How Social Security Evaluates A Trust As A Countable Resource

How Social Security Evaluates A Trust As A Countable Resource

A person’s resources affect the ability to qualify for crucial government benefits. The Social Security Administration (SSA) sets forth resource limits for SSI applicants and recipients. For example, to qualify for Supplemental Security Income (SSI), countable resources must not be worth more than $2,000 for an individual or $3,000 for a couple. The SSA has many rules related to resources. For example, if a person, his or her spouse, or a co-owner gifts a resource or sells it for less than its value, that person may forfeit eligibility for SSI for up to 36 months. There are also many rules related to trusts and when they are countable resources.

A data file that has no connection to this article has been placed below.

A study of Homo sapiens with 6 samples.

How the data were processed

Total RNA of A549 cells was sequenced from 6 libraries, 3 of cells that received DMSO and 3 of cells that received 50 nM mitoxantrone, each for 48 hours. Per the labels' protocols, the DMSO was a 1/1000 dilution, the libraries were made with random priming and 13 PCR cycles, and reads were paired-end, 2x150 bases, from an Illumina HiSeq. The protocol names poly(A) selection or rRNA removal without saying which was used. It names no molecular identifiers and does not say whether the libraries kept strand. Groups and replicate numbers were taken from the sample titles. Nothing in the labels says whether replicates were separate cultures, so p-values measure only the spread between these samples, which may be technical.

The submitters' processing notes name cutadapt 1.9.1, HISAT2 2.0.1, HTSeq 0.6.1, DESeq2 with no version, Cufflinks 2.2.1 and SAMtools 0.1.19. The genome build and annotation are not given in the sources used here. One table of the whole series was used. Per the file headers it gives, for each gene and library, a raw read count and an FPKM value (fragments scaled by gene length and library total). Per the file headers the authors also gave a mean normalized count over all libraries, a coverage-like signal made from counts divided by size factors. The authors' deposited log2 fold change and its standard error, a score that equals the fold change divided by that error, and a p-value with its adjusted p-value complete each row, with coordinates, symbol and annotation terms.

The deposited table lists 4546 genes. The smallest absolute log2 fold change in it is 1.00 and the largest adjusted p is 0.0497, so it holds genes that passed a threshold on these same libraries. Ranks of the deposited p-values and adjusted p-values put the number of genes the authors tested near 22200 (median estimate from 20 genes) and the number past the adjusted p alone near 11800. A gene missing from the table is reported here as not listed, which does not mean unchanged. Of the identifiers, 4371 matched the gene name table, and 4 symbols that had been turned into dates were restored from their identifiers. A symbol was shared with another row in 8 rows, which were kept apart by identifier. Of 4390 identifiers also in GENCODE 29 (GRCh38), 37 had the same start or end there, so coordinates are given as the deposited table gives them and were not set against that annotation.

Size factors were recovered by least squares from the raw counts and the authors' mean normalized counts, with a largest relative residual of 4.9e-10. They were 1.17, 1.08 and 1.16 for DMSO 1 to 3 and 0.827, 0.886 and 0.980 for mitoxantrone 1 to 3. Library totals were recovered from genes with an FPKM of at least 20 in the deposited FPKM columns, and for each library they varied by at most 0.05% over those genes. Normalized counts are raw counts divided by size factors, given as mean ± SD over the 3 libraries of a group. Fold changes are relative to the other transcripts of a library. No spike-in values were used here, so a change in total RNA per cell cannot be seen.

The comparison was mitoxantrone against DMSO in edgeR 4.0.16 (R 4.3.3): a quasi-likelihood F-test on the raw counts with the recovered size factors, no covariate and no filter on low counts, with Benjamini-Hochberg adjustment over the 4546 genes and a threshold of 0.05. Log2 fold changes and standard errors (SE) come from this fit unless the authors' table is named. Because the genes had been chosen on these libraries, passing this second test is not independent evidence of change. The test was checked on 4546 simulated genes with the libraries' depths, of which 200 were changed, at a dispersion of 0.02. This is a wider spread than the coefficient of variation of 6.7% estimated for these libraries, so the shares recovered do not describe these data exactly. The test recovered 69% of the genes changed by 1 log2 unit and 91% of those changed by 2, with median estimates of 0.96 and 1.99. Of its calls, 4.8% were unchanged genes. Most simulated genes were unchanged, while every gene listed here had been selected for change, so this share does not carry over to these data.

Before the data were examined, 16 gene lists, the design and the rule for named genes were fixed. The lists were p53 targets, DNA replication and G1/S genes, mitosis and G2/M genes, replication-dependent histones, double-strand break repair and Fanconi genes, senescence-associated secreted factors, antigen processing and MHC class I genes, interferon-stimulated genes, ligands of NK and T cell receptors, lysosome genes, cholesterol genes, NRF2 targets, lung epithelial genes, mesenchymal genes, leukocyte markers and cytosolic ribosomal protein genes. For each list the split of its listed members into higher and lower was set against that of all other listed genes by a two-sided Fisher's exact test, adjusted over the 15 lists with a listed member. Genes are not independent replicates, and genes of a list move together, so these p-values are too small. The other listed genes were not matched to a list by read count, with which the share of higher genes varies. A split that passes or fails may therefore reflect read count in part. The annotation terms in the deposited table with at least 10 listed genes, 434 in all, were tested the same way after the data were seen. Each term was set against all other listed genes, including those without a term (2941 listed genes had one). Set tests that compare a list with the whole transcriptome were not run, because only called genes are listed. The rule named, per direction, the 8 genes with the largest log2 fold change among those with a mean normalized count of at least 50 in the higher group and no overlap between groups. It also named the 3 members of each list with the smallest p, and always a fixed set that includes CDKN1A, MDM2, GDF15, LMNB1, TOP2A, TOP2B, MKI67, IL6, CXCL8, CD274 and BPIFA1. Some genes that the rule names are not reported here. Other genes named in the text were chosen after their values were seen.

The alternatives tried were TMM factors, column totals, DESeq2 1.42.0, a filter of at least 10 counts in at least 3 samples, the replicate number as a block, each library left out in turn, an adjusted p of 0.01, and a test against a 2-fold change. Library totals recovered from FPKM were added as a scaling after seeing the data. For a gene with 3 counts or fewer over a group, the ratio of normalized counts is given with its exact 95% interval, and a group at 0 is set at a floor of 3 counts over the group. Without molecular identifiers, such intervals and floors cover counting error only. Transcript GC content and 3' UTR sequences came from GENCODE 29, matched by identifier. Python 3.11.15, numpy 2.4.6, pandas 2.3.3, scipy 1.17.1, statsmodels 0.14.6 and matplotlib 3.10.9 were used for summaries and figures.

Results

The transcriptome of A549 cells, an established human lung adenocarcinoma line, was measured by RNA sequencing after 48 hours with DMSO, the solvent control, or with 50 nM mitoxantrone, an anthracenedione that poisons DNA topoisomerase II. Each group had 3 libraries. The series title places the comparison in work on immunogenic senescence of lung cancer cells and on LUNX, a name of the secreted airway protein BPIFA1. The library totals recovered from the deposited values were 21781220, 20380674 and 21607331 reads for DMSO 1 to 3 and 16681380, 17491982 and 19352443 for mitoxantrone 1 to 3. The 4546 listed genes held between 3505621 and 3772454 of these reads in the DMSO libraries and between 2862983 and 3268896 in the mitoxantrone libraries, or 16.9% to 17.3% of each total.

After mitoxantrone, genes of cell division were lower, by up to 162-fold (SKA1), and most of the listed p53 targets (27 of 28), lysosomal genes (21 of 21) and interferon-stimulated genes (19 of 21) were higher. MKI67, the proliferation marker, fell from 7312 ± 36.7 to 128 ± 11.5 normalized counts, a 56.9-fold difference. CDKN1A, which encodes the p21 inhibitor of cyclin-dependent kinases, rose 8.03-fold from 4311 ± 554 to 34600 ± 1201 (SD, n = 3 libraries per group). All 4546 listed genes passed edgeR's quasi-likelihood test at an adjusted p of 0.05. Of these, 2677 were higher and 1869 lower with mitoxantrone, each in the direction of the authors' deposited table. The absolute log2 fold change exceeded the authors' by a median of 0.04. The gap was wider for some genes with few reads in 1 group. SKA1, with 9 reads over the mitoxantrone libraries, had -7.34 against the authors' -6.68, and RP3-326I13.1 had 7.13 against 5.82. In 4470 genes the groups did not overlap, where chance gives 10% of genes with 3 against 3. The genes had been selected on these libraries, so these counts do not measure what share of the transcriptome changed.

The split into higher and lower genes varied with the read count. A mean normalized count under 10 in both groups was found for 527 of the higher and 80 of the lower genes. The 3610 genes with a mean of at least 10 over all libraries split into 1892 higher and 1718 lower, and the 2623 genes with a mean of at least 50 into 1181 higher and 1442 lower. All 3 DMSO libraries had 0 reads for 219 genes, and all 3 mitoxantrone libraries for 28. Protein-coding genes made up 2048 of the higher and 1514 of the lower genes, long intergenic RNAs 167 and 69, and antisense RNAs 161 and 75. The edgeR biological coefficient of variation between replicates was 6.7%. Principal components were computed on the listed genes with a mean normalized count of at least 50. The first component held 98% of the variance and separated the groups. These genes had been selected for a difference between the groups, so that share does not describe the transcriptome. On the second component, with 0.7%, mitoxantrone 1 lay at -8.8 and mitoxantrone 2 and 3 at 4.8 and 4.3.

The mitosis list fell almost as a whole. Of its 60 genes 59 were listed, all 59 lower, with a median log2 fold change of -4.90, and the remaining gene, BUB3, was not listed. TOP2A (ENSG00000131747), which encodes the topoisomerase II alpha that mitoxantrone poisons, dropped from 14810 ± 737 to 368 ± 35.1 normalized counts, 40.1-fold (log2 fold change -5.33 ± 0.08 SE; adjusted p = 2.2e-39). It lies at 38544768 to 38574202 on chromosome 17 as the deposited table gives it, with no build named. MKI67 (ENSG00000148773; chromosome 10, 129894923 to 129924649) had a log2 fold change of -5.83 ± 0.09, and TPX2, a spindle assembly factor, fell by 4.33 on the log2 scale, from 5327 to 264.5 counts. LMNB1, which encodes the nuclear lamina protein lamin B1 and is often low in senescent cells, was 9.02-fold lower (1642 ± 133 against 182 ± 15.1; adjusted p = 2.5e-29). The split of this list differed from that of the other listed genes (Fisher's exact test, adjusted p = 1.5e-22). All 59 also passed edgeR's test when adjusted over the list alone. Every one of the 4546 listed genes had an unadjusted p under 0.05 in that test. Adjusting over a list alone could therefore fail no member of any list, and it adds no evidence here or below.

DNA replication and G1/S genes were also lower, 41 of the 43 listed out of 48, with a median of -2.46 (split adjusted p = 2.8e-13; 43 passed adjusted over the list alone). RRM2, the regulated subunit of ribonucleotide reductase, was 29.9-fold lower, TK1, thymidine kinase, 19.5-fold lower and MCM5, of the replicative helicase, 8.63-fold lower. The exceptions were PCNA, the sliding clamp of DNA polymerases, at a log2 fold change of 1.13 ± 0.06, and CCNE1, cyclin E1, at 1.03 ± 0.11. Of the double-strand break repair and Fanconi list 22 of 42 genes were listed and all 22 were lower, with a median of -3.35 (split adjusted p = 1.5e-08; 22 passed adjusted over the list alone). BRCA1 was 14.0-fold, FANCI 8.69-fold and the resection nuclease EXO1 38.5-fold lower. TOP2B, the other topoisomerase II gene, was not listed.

If a revocable trust is created with the assets of the person with a disability, the entire trust principal or corpus of the trust is a resource of the individual. If the trust is an irrevocable trust created with the assets of the person with a disability, it must be what is called a first-party special needs trust for it to benefit the individual while still being exempt for SSI eligibility purposes.

The terms of the trust agreement and state law regulate the revocability of a trust and the ability to direct the use of the trust principal. If a trust is irrevocable and the trust beneficiary may not control or direct use of the trust assets for the trust beneficiary’s support and maintenance, the trust is not a countable resource.  This is the very simple concept behind special needs trusts.

If the trust principal is not a resource, the SSA may still consider disbursements from the trust as income to the individual if they are paid directly to the beneficiary rather than to a third party on behalf of the beneficiary.